Serbian police said Wednesday they are investigating an attack on an independent website, as the Balkan country's new government sought to dispel allegations that it was trying to curb online and media freedoms.
Liberal Pescanik website went down last weekend, hours after it published an article by British-based scholars alleging that parts of the Serbian interior minister's doctoral thesis were plagiarized. Police said the site was blocked by an influx of messages from several IP addresses.
Serbia's new government has faced criticism for alleged attempts to censor online media and pressure local media outlets, including the detention last month of three men for their online postings during recent flooding.
The Organization for Security and Cooperation in Europe and local human rights activists have expressed concern over the allegations of media censorship. This was denied by Prime Minister Aleksandar Vucic, a former hard-line nationalist turned pro-EU reformer, who demanded an apology from OSCE in a strongly-worded statement.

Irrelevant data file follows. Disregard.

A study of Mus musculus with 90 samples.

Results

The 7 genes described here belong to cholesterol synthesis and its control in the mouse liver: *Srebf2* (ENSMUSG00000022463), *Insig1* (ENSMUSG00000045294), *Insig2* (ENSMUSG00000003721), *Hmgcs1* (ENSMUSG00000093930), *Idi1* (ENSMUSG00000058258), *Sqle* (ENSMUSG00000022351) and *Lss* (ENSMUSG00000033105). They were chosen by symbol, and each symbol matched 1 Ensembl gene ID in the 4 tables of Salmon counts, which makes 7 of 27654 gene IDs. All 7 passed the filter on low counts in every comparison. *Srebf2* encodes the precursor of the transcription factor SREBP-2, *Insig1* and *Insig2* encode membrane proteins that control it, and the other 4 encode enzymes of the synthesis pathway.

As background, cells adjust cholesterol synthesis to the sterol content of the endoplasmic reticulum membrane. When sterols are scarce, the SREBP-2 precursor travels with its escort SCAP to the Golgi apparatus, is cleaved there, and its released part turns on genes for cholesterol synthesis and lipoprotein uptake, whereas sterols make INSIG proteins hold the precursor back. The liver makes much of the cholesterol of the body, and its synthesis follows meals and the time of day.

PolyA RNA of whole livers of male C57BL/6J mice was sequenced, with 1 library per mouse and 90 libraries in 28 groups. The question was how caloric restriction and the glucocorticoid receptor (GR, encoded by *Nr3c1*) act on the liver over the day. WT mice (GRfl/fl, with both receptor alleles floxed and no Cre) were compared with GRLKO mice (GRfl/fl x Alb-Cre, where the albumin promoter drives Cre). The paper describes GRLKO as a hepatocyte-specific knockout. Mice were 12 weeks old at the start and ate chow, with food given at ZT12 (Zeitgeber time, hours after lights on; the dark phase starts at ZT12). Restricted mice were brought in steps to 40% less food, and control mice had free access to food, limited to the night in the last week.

Vucic had served as the information minister during a media crackdown under late autocrat Slobodan Milosevic in the 1990s, but he has since changed to a pro-EU position.
In the statement to the OSCE, Vucic, however, evoked Milosevic-era allegations of a "dirty campaign" against him, and attempts to "discipline" Serbia's leaders. He insisted that censorship allegations weren't true and that Serbia is a "free and democratic country."
The OSCE has said that Serbia's government must protect and promote media freedoms.
Serbia has opened accession talks with the European Union following a decade as an international pariah over its warmongering during the 1990s. Vucic has pledged to speed up Serbia's EU path, after winning overwhelming support at snap election in March.